Wednesday 9 May 2018

The situation of Myalgic Encephalomyelitis Patients in Ireland - A Summary

 Let's Talk about 

Myalgic Encephalomyelitis


1 National M.E. Policy- adopt ICC
2. Appoint a consultant
3. Train Health Professionals
4. Include M.E. in all training of GP's Nurses and Social Care
5. Create clear Clinical Pathways

The situation of Myalgic Encephalomyelitis Patients in Ireland

  •        ME  is an acquired, complex, neurological disorder affecting multiple body systems. It is classified by the WHO in their International Classification of Diseases as Neurological (under code G.93.3) since 1969

  •   Despite what the public are led to believe, it is not difficult to diagnose. The International Consensus Criteria 2011 is a comprehensive diagnostic tool for medical professionals and was developed by world experts with a combined total of 400 years treating over 50,000 patients with ME throughout the world

  •        Common symptoms include headaches, bone and muscle pain, swollen lymph nodes, muscle weakness, muscle spasms, seizures, neck pain, vision abnormalities, cognitive impairment, photo sensitivity, noise sensitivity, paraesthesia, bladder and bowel dysfunction, digestive dysfunction, sleep dysfunction, cardiovascular abnormalities, etc

  •      The body’s ability to generate and produce energy at a cellular level is seriously impaired, meaning systems and organs cannot function properly, causing progressive systemic deterioration

  •        Post Exertional Neuroimmune Exhaustion (PENE) is the cardinal system of ME Essentially this means that any action – physical, cognitive, emotional, social – which demands energy from the body will impact on the patient’s condition, causing a marked worsening of all symptoms which can last for days, weeks or months – sometimes even causing a permanent, non-recoverable relapse.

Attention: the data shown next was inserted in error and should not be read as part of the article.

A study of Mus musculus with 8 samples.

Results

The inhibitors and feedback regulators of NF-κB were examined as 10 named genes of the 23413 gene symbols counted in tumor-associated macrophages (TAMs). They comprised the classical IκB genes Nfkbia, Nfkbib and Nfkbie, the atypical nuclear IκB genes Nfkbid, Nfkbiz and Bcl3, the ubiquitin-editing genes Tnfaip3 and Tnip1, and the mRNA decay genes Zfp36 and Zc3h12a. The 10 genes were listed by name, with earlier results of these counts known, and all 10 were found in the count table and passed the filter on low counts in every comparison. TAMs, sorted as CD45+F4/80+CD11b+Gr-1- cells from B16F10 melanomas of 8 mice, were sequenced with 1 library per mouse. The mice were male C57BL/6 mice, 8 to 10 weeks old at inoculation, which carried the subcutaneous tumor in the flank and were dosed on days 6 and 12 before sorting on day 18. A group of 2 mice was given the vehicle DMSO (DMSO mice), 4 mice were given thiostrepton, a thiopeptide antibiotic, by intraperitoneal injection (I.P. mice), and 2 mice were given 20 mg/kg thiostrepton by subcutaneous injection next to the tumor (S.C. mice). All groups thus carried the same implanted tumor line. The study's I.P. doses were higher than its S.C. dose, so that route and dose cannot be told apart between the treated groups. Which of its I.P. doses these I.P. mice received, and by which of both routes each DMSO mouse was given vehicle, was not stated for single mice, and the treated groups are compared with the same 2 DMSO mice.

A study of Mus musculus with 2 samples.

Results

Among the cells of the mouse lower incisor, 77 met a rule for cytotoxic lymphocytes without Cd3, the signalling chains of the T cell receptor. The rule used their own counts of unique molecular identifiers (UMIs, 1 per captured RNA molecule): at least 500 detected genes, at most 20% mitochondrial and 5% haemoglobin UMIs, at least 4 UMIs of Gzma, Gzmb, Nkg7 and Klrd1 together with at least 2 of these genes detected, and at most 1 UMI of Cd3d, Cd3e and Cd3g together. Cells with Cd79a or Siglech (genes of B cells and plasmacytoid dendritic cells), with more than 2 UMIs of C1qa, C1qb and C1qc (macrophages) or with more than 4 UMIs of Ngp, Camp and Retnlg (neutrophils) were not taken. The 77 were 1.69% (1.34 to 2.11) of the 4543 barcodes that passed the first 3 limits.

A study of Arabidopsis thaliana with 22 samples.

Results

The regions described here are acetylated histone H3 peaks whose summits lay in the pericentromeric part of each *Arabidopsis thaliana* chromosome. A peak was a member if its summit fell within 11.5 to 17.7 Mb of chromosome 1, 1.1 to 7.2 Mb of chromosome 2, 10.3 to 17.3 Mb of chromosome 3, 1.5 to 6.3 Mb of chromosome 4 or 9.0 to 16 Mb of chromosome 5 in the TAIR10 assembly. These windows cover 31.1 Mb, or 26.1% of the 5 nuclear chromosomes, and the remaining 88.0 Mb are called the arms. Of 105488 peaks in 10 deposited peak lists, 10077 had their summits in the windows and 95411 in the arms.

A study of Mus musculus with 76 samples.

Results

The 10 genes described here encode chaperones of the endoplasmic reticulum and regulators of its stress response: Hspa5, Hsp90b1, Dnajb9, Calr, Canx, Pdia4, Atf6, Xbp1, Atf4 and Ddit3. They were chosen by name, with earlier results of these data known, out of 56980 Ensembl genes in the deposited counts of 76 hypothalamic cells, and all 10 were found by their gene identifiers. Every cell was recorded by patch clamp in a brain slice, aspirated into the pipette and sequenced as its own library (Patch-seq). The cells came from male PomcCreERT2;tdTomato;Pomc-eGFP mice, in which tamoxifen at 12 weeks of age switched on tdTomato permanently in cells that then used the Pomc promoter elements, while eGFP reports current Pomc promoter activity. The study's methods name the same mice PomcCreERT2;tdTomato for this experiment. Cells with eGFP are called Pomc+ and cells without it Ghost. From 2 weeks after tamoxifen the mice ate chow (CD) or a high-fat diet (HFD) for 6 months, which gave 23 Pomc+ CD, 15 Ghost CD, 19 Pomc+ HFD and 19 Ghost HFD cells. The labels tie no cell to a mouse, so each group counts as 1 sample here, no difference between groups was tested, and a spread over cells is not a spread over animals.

•      Many people with ME are dependent on carers to meet their basic needs for food and personal care

  •      ME is a spectrum disease and those at the very severe end cannot eat or swallow, cannot toilet themselves, cannot speak, are paralysed and living in excruciating pain with a myriad of complex systems

  •       People with ME have compromised immune systems, leaving them open to opportunistic infections and other pathogens. There is a high rate of cancer amongst patients.

  •       Deaths among the ME population are rarely attributed to their ME but more usually attributed to secondary causes such as cancers, cardiac issues and, in many cases, suicide. Many ME patients throughout the world have taken their own lives because they simply cannot live with the neglect of this condition and the lack of hope on the horizon

  •        Life expectancy is shortened as systemic deterioration becomes cumulative

  •       There are an estimated 9,000 to 18,000 people living with Myalgic Encephalomyelitis in Ireland. These figures are based on extrapolating from data in other countries. There is no collation of data on numbers with the condition here in Ireland

  •        People with ME in Ireland are often left to rot in darkened bedrooms because their doctors do not understand or ‘believe’ in ME.  

  •        There are NO ME specialist hospital consultants within the HSE

  •        The HSE have failed to put in place clear diagnostic criteria and appropriate careplan pathways for people with ME in Ireland

  •        The Royal Academy of Medicine in Ireland concluded in a published paper on ME in September 2010 “There is a need for further education of the medical profession on this debilitating condition and there is clearly a need for further research into treatment which directly impacts upon the quality of sufferers”. Eight years later, this is still the case. Nothing has changed.

  •        Children as young as four years of age have been diagnosed with ME There are older young people ‘stuck’ in the Irish paediatric hospital system because there are no appropriate adult hospital services to refer them on to.